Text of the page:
Written by root. Posted in FEATURES


Published on November 02, 2019 with No Comments

Just 30 minutes away by subway from central Taipei is Beitou where the therapeutic powers of a hot spring awaits. This old village is popular not just with tourists but also the locals seeking respite.



Beitou bubbles straight out of the ground – literally. Take a walk around this picturesque old village and you’ll notice steam coming out from the many streams along the way, with bubbles rising as a result of the hot spring water that surrounds it.

It adds to the atmosphere, giving Beitou this mystic charm to its quiet nature. Don’t mistake it for a sleepy town though; young locals flock here during the weekend to roam the streets and quaint cafes in downtown Beitou, and of course, to soak away ailments and fatigue after a long week of working.

One of the 400 hot springs scattered across Taiwan, Beitou is the perfect getaway that’s the quickest, nearest and accessible from Taipei for you to sample these healing waters. You have the Japanese to thank for Beitou. During the 50 years they colonised Taiwan, the Japanese built this little town right at the foot of the Yangminshan National Park. Aside from building railroads, schools and roads, the Japanese set about to build baths surrounding the hot springs having discovered its therapeutic benefits when Japanese soldiers wounded in the Russo-Japanese War in 1904 soaked themselves in the sulfurous waters to heal and recover.

There are two ways for you to enjoy the hot springs in Beitou. Do it like the locals and soak in one of the many public hot springs, like the Beitou Outdoor Public Hot Springs. This is definitely the cheaper option (often at just
40 Taiwan dollars) but know that it will be crowded with families, young and old, in all shapes and sizes.

For a more modest option, try one of the many hotels lining up the streets of Beitou like Guangming Road. Many of them offer hot spring packages by the hour where you get to soak in an oversized tub with faucets spewing out the health elixir or price-per-entry packages to their communal baths, many of which are sex segregated. If you want to give yourself a real treat, you may want to consider staying a night or two to soak away whenever you want.

Enough of soaking? It’s time for a different kind of soaking – one that involves culture, heritage and nature. To get up close with Beitou’s sulfurous hot spring water, head to Thermal Valley, the source of it all. Surrounded by trees and the smell of “rotten eggs” in the air, this valley was created long ago by a volcanic burst.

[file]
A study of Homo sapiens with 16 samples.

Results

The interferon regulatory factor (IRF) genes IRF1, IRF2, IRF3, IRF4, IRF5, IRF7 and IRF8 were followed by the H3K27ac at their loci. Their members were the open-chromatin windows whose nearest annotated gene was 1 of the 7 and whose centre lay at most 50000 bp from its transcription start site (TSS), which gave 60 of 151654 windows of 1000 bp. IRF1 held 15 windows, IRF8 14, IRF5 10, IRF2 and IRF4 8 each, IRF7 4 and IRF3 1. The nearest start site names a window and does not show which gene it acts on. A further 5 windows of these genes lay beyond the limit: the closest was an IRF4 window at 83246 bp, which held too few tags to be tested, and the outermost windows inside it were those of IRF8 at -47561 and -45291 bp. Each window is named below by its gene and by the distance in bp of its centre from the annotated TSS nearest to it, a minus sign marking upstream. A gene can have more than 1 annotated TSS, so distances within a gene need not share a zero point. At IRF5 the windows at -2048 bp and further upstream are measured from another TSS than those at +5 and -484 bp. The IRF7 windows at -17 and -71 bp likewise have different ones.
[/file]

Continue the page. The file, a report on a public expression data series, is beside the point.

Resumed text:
You’ll come face to face with large pools of water that bubbles and spits, with steam filling up the entire valley. Whip out your camera to take photos of the jade-green water caused by the green sulphur of the hot springs – it’s almost otherworldly-like with the steam, the fog, the sulphuric scent and bubbling water. What’s interesting to know too is that the Thermal Valley is also known as Hell Valley thanks to its scenery that is comparable to the afterlife.

If you’re still on a hot spring field trip, you won’t want to miss the Beitou Hot Spring Museum. Previously a public bathhouse built in 1913, the Beitou Hot Spring Museum houses everything you’d ever wanted to know about Beitou and its hot spring history. It’s also like a blast to the past in this museum as the original bathing pools still exist with old photos from when the pool was in use.

Apart from being famous for its hot springs, Beitou is also home to Taiwan’s first “green” library, the Beitou Library which is next to the Beitou Hot Spring Museum. The structure is built mainly of wood, blending in with the surrounding environment almost like a large treehouse. It’s no wonder why it’s been listed as one of the world’s most beautiful library.

Still feeling relaxed from your soak? Don’t immediately jump into the action downtown; instead take a leisurely stroll in the Plum Garden, an ancient summer residence of former political leader Yu You-Ren. Just beside the Beitou Garden Hot Springs, this 1093s building is home to a collection of beautiful Japanese wooden architecture. You can choose to relax in the quiet house or stroll through its beautifully manicured garden. Or visit the Beitou Museum where over 5,000 items are on display including folk arts, aboriginal arts, and traditional costumes and embroideries.

And finally, the favourite part of your Beitou trip – food time. Your best bet for choices is at the Tamsui Old Street. Tamsui is a stop away from Beitou on the metro and it takes 20 minutes to reach (just take the pink line back to Beitou or the red line towards Tamsui).

Once at the Tamsui station, take a short seven-minute walk and you’re in Tamsui Old Street. Here, you’ll be spoilt for choices. For starters, the seafood is amazingy fresh thanks to Tamsui’s location next to the sea. Other Taiwanese delicacy not to be missed? Ah-gei, a Beitou speciality that consists of fried tofu stuffed with glass noodles and sealed with meat paste, fish ball soup and of course, for an amazing treat the Tower Ice Cream that goes all the way up – a perfect end to a perfect day.

Here are a few public hot baths you can find in Beitou:
Beitou Hot Spring Museum (Zhongshan Road, Beitou; 886-2-2893-9981). Admission is free.
Beitou Outdoor Public Baths (886-2-2893-7014). Entry, 40 Taiwan dollars.
Lengshuikeng Hot Spring (886-2-2861-0036; ymsnp.gov.tw). Free.
Yangmingshuwu (12 Chungshin Road, Yangmingshan; 886-2-2861-1444; ymsnp.gov.tw).
Admission, 50 Taiwan dollars. Call ahead for English-language tours.
Yangmingshan National Park (886-2-2861-3601, ext. 271; ymsnp.gov.tw).
Call well in advance for English-speaking tours.


Royal Brunei Airlines flies Taipei 4x weekly for easy connections to Beitou. Discover things to do in Beitou in www.muhibah.com.bn

No Comments

Comments for SPRING OF PARADISE are now closed.